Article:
Cong may take back ordinance protecting netas after Rahul's remarks
'Rahul ji's opinion is the opinion and the line of Congress... Now Congress party is opposed to this Ordinance. The views of Congress party should always be supreme,' Ajay Maken said.
New Delhi: With Rahul Gandhi slamming the ordinance against disqualification of convicted lawmakers, the government is expected to take back the controversial measure, Congress indicated today.
"Rahul ji's opinion is the opinion and the line of Congress... Now Congress party is opposed to this Ordinance. The views of Congress party should always be supreme," party general secretary and communication department in-charge Ajay Maken said when asked about the fate of the ordinance in the wake of Rahul's views and whether it is likely to be withdrawn.
The Congress clearly appeared flummoxed by Rahul's stand as Maken, at a meet-the-press programme at the Press Club here, completely backtracked from his statement praising the ordinance as "perfect", made minutes before the party Vice-President took the stage and denounced the measure calling it "complete nonsense" and "wrong" on the part of the government.
Maken sidestepped questions on whether Gandhi's remarks meant a "rebellion" against the government or a public snub to Prime Minister Manmohan Singh and his government.'
"Rahul Gandhi is our leader. His views are views of the Congress party. The situation with any issue evolves with time and it has evolved and no one should have any objection to it," he merely said in reply to such questions.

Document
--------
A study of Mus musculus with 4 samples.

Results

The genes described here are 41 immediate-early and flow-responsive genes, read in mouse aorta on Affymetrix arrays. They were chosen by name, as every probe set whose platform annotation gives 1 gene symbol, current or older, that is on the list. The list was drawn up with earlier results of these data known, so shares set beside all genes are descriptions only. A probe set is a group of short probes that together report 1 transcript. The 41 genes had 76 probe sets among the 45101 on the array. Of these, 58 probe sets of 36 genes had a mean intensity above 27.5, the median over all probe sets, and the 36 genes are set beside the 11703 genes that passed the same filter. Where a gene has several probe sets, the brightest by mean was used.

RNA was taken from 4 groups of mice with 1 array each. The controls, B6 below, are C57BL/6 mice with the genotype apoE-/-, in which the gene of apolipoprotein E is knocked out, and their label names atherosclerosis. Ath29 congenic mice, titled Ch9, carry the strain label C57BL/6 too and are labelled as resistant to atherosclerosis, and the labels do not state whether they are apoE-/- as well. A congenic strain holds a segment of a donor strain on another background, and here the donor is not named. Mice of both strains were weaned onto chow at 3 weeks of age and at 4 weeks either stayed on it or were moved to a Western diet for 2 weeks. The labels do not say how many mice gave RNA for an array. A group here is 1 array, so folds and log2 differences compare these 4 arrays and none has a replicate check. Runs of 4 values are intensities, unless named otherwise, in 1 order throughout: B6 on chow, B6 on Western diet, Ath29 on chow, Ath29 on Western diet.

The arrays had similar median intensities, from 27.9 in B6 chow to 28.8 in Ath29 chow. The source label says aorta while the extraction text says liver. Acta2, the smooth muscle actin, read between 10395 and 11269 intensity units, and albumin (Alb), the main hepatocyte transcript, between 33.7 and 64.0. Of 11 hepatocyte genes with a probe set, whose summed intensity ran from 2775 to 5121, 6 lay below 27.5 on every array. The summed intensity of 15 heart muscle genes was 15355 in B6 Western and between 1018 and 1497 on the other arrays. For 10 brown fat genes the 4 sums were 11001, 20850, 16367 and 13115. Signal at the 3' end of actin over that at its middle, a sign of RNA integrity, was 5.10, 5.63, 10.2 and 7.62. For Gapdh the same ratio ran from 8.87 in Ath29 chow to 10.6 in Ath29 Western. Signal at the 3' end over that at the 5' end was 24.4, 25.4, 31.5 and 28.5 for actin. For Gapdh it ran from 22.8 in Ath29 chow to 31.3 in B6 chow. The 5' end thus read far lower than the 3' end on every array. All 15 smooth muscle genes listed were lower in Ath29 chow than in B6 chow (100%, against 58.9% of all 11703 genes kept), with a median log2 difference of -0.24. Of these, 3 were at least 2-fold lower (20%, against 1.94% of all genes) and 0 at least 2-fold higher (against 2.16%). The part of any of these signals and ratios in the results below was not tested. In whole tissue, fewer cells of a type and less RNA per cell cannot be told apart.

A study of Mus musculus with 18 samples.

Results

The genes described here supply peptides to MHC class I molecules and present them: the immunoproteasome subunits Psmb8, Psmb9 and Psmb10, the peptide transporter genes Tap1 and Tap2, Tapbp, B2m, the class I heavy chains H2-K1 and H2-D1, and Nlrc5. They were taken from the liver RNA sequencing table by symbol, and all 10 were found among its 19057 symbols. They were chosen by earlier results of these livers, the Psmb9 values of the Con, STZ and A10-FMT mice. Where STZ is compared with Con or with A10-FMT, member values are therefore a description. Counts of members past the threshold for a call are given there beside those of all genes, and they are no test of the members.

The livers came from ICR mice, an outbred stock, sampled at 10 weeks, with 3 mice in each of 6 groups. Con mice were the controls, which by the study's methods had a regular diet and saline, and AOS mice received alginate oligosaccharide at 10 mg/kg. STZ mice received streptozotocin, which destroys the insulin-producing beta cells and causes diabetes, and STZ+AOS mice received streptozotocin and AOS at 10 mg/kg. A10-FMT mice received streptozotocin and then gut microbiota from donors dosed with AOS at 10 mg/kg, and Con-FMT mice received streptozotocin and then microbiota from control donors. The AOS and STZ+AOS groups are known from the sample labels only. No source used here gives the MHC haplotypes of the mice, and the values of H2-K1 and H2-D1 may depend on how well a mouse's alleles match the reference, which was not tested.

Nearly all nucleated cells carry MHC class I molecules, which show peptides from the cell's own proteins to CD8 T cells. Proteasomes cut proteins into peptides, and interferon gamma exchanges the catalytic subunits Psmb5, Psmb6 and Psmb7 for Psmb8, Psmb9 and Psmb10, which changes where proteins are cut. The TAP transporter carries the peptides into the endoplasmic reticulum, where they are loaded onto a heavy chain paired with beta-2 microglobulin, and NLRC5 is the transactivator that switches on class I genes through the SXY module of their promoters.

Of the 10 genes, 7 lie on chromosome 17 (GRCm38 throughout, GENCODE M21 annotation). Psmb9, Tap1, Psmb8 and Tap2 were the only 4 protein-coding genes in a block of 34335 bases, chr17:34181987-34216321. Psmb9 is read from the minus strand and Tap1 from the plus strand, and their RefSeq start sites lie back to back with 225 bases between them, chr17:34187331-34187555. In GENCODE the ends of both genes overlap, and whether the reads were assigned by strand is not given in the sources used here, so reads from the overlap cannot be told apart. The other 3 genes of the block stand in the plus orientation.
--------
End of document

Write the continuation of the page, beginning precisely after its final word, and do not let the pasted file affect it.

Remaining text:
"What Rahul Gandhi said is the most important thing... that this Ordinance will not help us fight corruption. He is our leader and I think this is our official political stand. Rahul ji's opinion is the opinion and the line of of Congress... Now Congress party is opposed to this Ordinance," he said.
Before Rahul intervened during the press meet, Maken had dismissed Opposition criticism of the ordinance and downplayed the remarks of some Congress leaders including Digvijay Singh, Sandip Dikshit and Milind Deora, who opposed the measure.
He slammed the BJP for opposing the ordinance saying that it "should not try and make it a political blame game and take advantage of both the situations", noting that the opposition party does not have moral right to change its stand after backing all proposals at an all-party meeting in August.
Maken even credited the "collective wisdom" of Congress President Sonia Gandhi, Vice President Rahul Gandhi and Prime Minister Manmohan Singh for UPA's actions.
He, however, later justified the U-turn saying "the situation with any issue evolves with time and it has evolved. Rahul has given an opinion on the issue and now it is the Congress view."
When asked whether the Prime Minister will now withdraw the ordinance that seeks to negate a Supreme Court verdict that struck down the provision in the Representation of the People Act deferring disqualification of convicted lawmakers, Maken refused to answer.
"I do not think I have an answer to a hypothetical question," he said, adding "Rahul Gandhi has aired the views of the common man. Rahul Gandhi is our leader and he had put across his views before you without any ambiguity".
He added that the Congress Vice President has spoken out his mind on a moral plane.
"Times have changed and people do not want to see any convicted person to be their representative. Rahul ji has aired the views of the common man. He does not want a convicted person to become a public representative...," Maken said.
To a specific question on whether Gandhi's remarks has reinforced that there are two power centres in Congress, He said, "Rahul has taken this stand on a high moral ground. He has not spoken just any technical thing. Gandhi has expressed his views on moral and ethical ground."